SACRAMENTO, Calif., April 4, 2011 – Donate Life California (DLC), which administers the organ and tissue donor registry in California, announced today the launch of its first educational program geared at helping high school students make informed decisions about signing up to become organ and tissue donors when applying for their first driver licenses. The launch coincides with National Donate Life Month, which was established in 2003 to encourage and educate Americans throughout the month of April about the importance of becoming organ and tissue donors.
As with young drivers in other states, California teenagers obtaining their first driver licenses are presented with the question, “Do you wish to register to be an organ and tissue donor?” To ensure students have the knowledge they need to make an informed decision, DLC has produced an 11-minute educational video and accompanying teachers’ guide suitable for use in high school classrooms. The video, titled “Your Decision to Donate,” features California high school students who have either received a transplant, are on the waiting list, or have had a family member become a donor.
“Most of the information that teenagers now receive about organ and tissue donation is from dramatic TV shows that too often advance plotlines at the cost of accuracy,” said Lisa Stocks, president of DLC. “Our educational materials have been developed in an effort to give teenagers accurate information so they can make a confident decision about their opportunity to save lives as registered donors.”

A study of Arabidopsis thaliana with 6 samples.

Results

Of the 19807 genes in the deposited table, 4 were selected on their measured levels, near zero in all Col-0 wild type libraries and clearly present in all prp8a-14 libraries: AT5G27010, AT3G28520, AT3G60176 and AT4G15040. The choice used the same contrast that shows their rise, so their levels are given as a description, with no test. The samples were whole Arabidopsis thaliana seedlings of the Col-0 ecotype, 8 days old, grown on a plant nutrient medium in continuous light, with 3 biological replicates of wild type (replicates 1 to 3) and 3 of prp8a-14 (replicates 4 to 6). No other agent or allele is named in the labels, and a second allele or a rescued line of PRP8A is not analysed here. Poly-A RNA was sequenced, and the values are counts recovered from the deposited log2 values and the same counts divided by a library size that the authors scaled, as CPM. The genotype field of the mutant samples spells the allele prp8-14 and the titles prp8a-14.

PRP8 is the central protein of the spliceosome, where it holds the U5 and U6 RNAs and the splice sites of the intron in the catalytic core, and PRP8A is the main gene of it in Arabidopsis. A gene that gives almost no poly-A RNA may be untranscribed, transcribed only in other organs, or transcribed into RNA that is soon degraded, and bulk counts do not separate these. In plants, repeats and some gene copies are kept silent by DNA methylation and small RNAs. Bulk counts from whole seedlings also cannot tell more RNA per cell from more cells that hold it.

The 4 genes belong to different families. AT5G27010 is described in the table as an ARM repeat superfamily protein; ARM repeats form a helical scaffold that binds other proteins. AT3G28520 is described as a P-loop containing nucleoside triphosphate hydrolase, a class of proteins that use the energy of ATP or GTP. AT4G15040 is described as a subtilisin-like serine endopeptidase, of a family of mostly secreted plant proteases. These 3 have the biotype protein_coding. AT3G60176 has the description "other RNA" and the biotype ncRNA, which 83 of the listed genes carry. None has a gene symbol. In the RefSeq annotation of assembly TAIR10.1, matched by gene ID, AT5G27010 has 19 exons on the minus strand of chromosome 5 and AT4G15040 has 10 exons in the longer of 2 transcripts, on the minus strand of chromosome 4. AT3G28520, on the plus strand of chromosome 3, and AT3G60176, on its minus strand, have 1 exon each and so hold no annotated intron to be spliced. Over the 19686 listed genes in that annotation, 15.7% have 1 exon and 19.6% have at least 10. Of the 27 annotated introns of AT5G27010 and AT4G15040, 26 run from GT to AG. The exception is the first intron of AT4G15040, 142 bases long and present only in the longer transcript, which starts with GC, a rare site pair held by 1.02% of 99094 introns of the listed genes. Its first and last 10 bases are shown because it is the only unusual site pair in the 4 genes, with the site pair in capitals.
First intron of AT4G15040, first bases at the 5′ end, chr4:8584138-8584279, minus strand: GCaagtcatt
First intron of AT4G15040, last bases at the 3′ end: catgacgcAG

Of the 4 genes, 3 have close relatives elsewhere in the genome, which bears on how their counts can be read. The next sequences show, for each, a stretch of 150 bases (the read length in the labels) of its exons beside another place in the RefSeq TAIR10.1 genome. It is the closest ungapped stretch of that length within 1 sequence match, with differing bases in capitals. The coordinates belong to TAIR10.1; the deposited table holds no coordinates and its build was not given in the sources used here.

According to DLC data, young drivers (between the ages of 15 and 19) have been less likely to register as organ and tissue donors than those 20 to 49. Clerks at the California Department of Motor Vehicles (DMV) report uncertainty or fear about the donation process among teenagers and their parents when it comes to the donation question on the driver license application. In a statewide telephone survey, 84 percent of self-identified organ donors and 63 percent of non-donors supported organ donation instruction in high schools, with 47 percent strongly in support.
In keeping with the goal of preparing students to make informed donation decisions, DLC is sponsoring state Assembly Bill (AB) 1118 (John A. Pérez), which would require 15 minutes of donation education in high school science or health classes. In addition, DLC has entered a partnership with the Driving School Association of California, which will institute the DVD and Educator Resource Guide in all classes conducted by member driving schools.
DLC has developed these educational tools at no cost to the state, and with generous contributions from the Kaiser Foundation, Astellas Pharma US, Inc., the Donate Life Run/Walk Committee, the Donor Network West’s 2010 NKF U.S. Transplant Game team (Team NorCal) and Employees Community Fund of Boeing. The instructional materials are available to schools at no charge.
California has the largest state donor registry in the country with more than eight million designated donors. But it also has the largest waiting list with more than 21,000 transplant candidates. Californians lag behind most of the nation when offered the opportunity to register. Of the 26 million licensed drivers and ID holders, only 30 percent have signed up to be organ and tissue donors. In 2010, only 27.4 percent of DMV customers checked ‘Yes’ on their forms to register as donors.
Despite the state’s lower donor registration rates, the Donate Life California Organ & Tissue Donor Registry plays an increasingly essential role in saving and healing Californians in need of organ and tissue transplants. In 2010, one in four recovered organ donors and one in four recovered tissue donors were registered donors. Since the registry was founded in April 2005, donors who had registered prior to death have saved more than 1,300 lives through organ donation and healed more than 75,000 through cornea and tissue donation.